Burnout is common in the world of nonprofit fundraising, and although I am far from that I want to keep it that way and be an example to my clients of taking time for oneself.
Self care looks different for each of us. For me it means slowing down, asking for help, going for a walk, and spending time with friends in my intimate circle. In between Altrui client time and project work I try to keep all of these actions ongoing.
Burnout is real in our field, specifically the field of nonprofit fundraising. I could also say it’s real in the nonprofit world in general, and since I work specifically in the arena of fundraising, that’s what I am writing about.
Expectations, deadlines, budgets, mission work, too many hours, lack of supportive leadership. All of these not only add stress to one’s life, they can add to burnout. You may see burnout all around you. You may see co-workers having tough times at work. I remember talking to a fundraiser at a nonprofit a few days before an event and they said “aren’t we supposed to be super stressed right now.”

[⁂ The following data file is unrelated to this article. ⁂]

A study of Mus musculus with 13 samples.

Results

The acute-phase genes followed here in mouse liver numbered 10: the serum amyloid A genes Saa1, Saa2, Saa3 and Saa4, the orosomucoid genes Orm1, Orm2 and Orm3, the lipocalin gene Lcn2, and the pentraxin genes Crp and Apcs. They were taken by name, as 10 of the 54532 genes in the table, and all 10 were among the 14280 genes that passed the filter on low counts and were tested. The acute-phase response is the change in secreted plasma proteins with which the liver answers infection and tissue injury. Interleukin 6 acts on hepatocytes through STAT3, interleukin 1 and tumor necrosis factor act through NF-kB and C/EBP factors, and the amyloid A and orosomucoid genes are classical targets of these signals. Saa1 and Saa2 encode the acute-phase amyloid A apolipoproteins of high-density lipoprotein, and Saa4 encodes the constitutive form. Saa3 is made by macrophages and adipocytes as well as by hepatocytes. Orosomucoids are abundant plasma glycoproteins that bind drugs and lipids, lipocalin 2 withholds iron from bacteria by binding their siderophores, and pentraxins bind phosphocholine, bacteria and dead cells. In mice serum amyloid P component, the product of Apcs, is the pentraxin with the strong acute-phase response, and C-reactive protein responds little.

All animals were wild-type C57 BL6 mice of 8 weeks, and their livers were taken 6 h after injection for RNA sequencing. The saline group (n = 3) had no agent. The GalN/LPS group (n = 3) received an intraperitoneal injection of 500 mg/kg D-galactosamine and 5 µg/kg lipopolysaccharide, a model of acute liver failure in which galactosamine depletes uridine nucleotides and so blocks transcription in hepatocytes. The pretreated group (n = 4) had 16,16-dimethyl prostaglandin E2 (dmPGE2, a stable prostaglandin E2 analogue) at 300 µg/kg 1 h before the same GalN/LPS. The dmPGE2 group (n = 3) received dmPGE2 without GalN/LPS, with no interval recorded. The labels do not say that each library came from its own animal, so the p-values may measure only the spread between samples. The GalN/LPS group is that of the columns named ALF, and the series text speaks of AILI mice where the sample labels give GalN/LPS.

No. We don’t have to be stressed, and we don’t have to burnout.
It’s OK to ask for help. We absolutely do not have to do this on our own. When becoming overwhelmed, I highly recommend reaching out for support. You may or may not get it, but those around you will know that you need a helping hand. Even someone to talk things through can help.
Remember when becoming so burned out that your only solution is to quit your job is not the best way to deal with burning out. (This is separate from quitting because you are being treated like crap.) I suggest we as a collective community deal with issues leading to burn out long before anything like that begins to make sense in our heads. And when we begin to practice this and practice self-care, it makes it easier for other to consider it.
And let’s support each other on a deeper level. It makes a difference.
Take a risk. Be of service. Support your friends and colleagues. Be kind.